DeNiroandStalloneWith Sylvester Stallone set to make his Broadway debut as book writer and producer of Rocky the musical, I was drawn to see Grudge Match, a new movie opening Christmas Day starring Stallone and Robert DeNiro as two champion boxers who enter the ring decades past their prime for a rematch.  Stallone is 67 and DeNiro is 70, so it’s a ludicrous premise that might have worked as a comedy, which is how the audience is supposed to take it. But there is very little that is funny without reservation: Is it funny that the match is sponsored by Geritol? (One wonders whether the movie is as well; was this paid product placement?) In any case, the few moments of whimsy can’t make up for the lazy melodrama, and the overall embarrassment that is this film.

Henry “Razor” Sharp (Stallone) and Billy “The Kid” McDonnen (DeNiro) were set for a title match in 1983, when Razor announced that he was retiring from the ring, effectively ending both their careers. He wouldn’t explain why and has kept mum about it ever since.

StalloneandBassingerUnfortunately, he doesn’t stay mum. He did it to hurt The Kid, who slept with Razor’s girl Sally, Kim Bassinger. At 60 and still remarkably beautiful, Bassinger is nevertheless supposed to have been pining all this time for Razor, who wants nothing to do with her. If that’s not bad enough, the union between Kid and Sally produced a son, BJ, (Jon Bernthal, who played Shane in The Walking Dead.) It’s not even clear that the Kid knew he had a son, but within a few scenes, the son has become his dad’s trainer for the fight.

Ah yes, the fight. How does it come about after 30 years? That, my son, is a tale not worth telling, involving an over-eager fight promoter, and Razor being laid off from his job.

Razor had lost all his money from prize fighting, and had a lousy but steady blue-collar job and a house under a noisy overpass with extravagantly peeling paint. The Kid, meanwhile, has a sports bar called Knocked Out, and has made commercials for everything from jockey shorts to jock itch powder. “Just for the record, I never had jock itch” are the first words uttered by two-time Academy Award winning actor Robert DeNiro.

What’s most embarrassing about Grudge Match is not the schmaltz, or the desperate stabs at comedy; there are many movies that follow this same formula.  It is the willingness of these two stars to trash their own best work.

There are scenes that deliberately mirror the ones we remember most fondly – Rocky in a meat locker, and with an irascible, down-on-his luck trainer (in this movie, Alan Arkin!); when Razor trains by jogging through the city in silhouette, his trainer rides in front of him in a motorized wheelchair.  DeNiro, again, has become fat, entertaining a bar full of sycophants, although this time, unlike his Jake LaMotta in Raging Bull, these are in throwaway scenes.  None of this comes off as crafty allusion or even good-natured self-parody.  Instead, it feels like half-assed plagiarism.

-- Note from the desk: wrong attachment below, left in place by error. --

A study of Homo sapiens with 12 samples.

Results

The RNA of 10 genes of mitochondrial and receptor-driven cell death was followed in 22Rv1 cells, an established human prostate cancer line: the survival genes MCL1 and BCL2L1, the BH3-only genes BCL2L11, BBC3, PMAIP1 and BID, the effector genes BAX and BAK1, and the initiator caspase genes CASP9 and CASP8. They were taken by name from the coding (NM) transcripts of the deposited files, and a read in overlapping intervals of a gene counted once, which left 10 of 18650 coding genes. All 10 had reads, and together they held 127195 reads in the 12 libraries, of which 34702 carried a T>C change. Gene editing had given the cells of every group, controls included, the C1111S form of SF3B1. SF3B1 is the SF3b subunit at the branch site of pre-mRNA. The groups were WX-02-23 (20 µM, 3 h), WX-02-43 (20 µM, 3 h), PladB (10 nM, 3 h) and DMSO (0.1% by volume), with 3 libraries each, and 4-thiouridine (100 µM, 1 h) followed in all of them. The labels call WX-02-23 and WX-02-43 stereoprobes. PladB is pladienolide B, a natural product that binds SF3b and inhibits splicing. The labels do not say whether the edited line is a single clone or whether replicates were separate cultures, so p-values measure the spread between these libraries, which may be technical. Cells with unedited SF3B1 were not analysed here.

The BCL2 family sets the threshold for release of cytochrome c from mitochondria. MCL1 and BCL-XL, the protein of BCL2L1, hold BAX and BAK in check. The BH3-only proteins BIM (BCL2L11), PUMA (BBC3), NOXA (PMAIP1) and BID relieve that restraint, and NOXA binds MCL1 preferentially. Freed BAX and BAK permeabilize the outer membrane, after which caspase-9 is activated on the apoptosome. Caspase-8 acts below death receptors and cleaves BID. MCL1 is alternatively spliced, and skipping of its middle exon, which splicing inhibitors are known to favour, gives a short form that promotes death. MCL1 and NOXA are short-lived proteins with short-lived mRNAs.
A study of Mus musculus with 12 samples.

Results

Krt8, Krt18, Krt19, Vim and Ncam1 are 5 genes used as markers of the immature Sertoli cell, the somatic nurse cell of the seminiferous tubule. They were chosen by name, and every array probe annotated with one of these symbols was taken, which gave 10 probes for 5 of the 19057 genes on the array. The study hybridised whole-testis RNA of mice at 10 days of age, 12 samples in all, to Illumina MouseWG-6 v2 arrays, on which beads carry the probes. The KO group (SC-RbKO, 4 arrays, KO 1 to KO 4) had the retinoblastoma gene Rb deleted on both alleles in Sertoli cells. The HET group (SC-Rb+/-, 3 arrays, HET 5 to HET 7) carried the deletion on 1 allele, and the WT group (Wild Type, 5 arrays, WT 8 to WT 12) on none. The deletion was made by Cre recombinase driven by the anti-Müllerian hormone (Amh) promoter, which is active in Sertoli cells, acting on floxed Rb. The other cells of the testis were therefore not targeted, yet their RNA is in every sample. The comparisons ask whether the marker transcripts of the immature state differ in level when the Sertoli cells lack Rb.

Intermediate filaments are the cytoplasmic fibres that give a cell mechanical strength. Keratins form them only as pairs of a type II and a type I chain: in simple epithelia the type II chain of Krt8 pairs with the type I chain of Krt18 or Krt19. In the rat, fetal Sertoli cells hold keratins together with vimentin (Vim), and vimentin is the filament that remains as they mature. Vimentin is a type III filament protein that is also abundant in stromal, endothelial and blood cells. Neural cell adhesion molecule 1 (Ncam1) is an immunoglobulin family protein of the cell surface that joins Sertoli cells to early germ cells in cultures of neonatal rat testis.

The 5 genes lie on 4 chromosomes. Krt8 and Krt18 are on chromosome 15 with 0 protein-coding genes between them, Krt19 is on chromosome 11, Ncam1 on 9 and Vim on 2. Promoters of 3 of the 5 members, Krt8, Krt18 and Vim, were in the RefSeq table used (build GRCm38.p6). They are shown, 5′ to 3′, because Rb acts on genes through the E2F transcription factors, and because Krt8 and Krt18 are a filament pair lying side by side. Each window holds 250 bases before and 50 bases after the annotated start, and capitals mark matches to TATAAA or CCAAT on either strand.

There are some film enthusiasts who might once have been aghast to think of the great DeNiro of Mean Streets, The Godfather, Taxi Driver, Raging Bull as even appearing in the same film as Sylvester Stallone, he of the Rocky and Rambo and now Expendable franchises.  Those days are surely gone, thanks to more than a decade of DeNiro’s indiscriminate choices in film roles.  Maybe Stallone just threw it away sooner.

James O’Neill, Eugene O’Neill’s father, was a matinee idol and consummate Shakespearean actor, Macduff to Edwin Booth’s Macbeth, who, as a young man, began playing the lead in a stage version of The Count of Monte Cristo, and since it was such a lucrative role, felt driven to play it again and again – reportedly more than 6,000 times – for the rest of his life. His son saw the role as ruining his father’s career as an artist, and said that his father began to see it this way as well late in life; the character James Tyrone certainly is full of such regrets in O’Neill’s “Long Day’s Journey Into Night.” Is it absurd to see a parallel in the 21st century to a couple of movie stars each with a net worth of several hundred million dollars?

Jonathan Mandell is a 3rd generation NYC journalist, who sees shows, reads plays, writes reviews and sometimes talks with people.